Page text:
Classical examplesEdit

Maybe the two best known examples are Cervantes' Don Quixote and Hamlet by William Shakespeare.

Don Quixote, who goes mad as a result of reading too much, sees reality through the literary conventions of Arthurian legend and other chivalric romances and can not separate fiction from reality. He is often debates literature in the novel. In the second part of the book, he even questions the veracity of the first part of the book, which had already been published in both the real and the fictional world. He also destroys the printing house where an apocryphal version of the second part (which did circulate in the real world too) is being printed.

Hamlet (the character) shows his uncle a play which has a similar plot to Hamlet (the play) itself. He raises many questions about the relationship between an actor and a character and about life and theater, that are applicable to the play. The play-within-the-play features in other Shakespeare plays too, including A Midsummer Night's Dream and The Tempest.

Jorge Luis Borges has argued that Don Quixote reading Don Quixote and Hamlet watching a play similar to Hamlet make us wonder if we, ourselves, are not fictional characters being read about or watched as well.

Examples in modern literatureEdit

Metafictive devicesEdit

This section was taken from Wikipedia:Metafiction

  • A novel about a person writing a novel
  • A novel about a person reading a novel
  • A story that addresses the specific conventions of story, such as title, paragraphing or plots.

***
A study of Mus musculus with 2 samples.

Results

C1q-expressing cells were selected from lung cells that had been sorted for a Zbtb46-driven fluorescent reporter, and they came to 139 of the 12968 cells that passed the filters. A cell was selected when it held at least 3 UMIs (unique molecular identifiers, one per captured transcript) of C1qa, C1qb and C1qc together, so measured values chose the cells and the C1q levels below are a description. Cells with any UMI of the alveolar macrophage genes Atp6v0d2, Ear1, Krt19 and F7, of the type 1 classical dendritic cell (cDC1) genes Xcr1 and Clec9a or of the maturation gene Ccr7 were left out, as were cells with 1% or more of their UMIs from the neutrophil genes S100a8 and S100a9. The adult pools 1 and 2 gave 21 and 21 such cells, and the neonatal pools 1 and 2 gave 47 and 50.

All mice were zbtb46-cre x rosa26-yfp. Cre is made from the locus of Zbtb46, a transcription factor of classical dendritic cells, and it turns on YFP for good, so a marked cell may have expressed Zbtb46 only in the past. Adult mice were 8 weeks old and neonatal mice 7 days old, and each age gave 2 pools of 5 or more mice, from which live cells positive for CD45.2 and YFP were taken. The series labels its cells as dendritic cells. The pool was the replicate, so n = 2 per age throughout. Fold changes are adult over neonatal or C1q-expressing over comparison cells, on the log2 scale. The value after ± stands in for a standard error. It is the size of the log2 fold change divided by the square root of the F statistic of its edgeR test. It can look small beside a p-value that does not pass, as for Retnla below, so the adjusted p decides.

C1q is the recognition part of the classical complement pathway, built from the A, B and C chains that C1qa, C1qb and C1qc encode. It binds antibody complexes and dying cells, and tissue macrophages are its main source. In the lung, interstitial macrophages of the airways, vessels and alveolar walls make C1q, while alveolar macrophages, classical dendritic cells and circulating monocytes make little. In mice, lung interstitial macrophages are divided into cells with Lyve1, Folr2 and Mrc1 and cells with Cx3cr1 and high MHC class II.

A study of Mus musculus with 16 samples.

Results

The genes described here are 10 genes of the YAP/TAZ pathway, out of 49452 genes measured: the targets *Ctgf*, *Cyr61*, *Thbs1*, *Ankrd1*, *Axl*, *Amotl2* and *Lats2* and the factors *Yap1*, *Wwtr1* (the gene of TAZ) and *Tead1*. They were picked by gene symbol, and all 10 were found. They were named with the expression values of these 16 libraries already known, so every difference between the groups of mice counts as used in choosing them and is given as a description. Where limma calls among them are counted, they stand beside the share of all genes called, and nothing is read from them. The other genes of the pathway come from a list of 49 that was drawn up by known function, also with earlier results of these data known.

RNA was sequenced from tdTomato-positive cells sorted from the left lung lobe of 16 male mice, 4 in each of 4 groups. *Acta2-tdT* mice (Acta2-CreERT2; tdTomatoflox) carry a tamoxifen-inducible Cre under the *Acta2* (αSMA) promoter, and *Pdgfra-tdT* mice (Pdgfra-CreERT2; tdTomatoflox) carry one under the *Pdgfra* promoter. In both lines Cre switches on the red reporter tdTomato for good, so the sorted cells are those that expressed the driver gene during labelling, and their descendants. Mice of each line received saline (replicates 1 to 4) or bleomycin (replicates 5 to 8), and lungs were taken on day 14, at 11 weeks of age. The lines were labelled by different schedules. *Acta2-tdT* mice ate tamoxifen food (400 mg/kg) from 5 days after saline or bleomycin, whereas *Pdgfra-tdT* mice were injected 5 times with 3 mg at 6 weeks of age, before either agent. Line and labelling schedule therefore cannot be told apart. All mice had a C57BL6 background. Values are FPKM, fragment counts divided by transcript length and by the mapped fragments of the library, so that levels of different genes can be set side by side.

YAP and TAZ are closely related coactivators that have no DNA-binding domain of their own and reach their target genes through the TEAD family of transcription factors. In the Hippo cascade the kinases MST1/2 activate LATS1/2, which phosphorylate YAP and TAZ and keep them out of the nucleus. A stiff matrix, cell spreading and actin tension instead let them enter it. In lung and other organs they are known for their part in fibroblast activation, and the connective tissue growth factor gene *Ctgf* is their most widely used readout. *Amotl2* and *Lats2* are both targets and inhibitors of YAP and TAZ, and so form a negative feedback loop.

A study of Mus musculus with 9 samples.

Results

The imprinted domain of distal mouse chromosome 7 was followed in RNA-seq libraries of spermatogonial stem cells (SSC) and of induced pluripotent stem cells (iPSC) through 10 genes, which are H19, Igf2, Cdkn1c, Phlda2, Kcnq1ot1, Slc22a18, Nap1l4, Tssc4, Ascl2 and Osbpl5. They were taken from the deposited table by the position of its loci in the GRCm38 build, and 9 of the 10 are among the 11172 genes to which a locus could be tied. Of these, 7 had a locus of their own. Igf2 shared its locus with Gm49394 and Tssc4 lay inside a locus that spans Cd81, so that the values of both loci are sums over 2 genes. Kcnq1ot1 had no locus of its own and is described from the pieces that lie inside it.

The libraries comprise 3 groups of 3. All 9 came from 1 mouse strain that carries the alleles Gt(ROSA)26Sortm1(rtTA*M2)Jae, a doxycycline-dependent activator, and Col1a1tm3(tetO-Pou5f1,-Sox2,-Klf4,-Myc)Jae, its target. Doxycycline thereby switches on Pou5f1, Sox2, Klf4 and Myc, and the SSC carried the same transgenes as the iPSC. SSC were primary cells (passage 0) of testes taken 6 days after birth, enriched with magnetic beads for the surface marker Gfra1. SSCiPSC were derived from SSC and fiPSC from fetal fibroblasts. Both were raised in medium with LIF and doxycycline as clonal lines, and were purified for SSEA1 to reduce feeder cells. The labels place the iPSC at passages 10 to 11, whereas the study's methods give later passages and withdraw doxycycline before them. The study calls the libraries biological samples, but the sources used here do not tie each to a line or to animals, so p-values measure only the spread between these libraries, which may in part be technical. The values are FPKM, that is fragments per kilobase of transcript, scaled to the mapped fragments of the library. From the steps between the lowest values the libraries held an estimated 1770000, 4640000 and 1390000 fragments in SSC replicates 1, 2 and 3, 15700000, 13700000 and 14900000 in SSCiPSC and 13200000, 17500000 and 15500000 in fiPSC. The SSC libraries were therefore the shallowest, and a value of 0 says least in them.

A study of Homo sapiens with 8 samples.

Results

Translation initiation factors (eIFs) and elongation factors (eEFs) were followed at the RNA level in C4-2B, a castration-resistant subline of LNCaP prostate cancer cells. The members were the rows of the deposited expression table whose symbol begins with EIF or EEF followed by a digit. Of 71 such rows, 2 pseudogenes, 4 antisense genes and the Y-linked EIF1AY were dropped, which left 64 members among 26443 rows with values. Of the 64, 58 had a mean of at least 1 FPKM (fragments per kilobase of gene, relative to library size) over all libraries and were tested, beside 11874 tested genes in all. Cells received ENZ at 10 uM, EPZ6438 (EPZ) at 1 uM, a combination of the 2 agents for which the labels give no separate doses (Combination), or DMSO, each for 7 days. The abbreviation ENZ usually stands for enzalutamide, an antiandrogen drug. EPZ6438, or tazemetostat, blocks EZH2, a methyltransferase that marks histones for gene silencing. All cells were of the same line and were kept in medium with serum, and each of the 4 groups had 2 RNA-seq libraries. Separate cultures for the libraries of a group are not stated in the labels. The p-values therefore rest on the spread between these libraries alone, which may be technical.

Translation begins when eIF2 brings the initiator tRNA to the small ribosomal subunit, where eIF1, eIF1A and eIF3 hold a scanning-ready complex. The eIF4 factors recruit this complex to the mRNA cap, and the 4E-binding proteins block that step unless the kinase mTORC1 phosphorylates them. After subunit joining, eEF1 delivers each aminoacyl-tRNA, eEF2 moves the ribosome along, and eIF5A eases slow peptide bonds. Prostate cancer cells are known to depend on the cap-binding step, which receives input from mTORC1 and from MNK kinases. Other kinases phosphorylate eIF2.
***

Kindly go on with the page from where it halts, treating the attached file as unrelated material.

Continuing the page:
• A non-linear novel, which can be read in some order other than beginning to end.
  • Narrative footnotes, which continue the story while commenting on it.
  • A novel in which the author (not merely the narrator) is a character.
  • A movie in which a character reads a fictional story
  • A story that anticipates the reader's reaction to the story.
  • Characters who do things because those actions are what they would expect from characters in a story
  • Characters who express awareness that they are in a work of fiction
  • A work of fiction within a fiction
  • A real pre-existing piece of fiction X, being used within a new piece of fiction Y, to give the illusion that Y's fictional world is "our world".
  • A novel that uses itself as a prop (obejct or literary)

Broader use of the termEdit

This kind of writing can be found widely in Baroque, Modernist and Postmodernist literature. However, some critics, such as Paul de Man, argue that all literature is in fact metafictional, since all literary works are concerned with language and literature itself.

Parallel termsEdit

  • Self-consciousness
  • Arspoetics. Used usually for poetry.
  • Reflexivity. Used usually for cinema and television.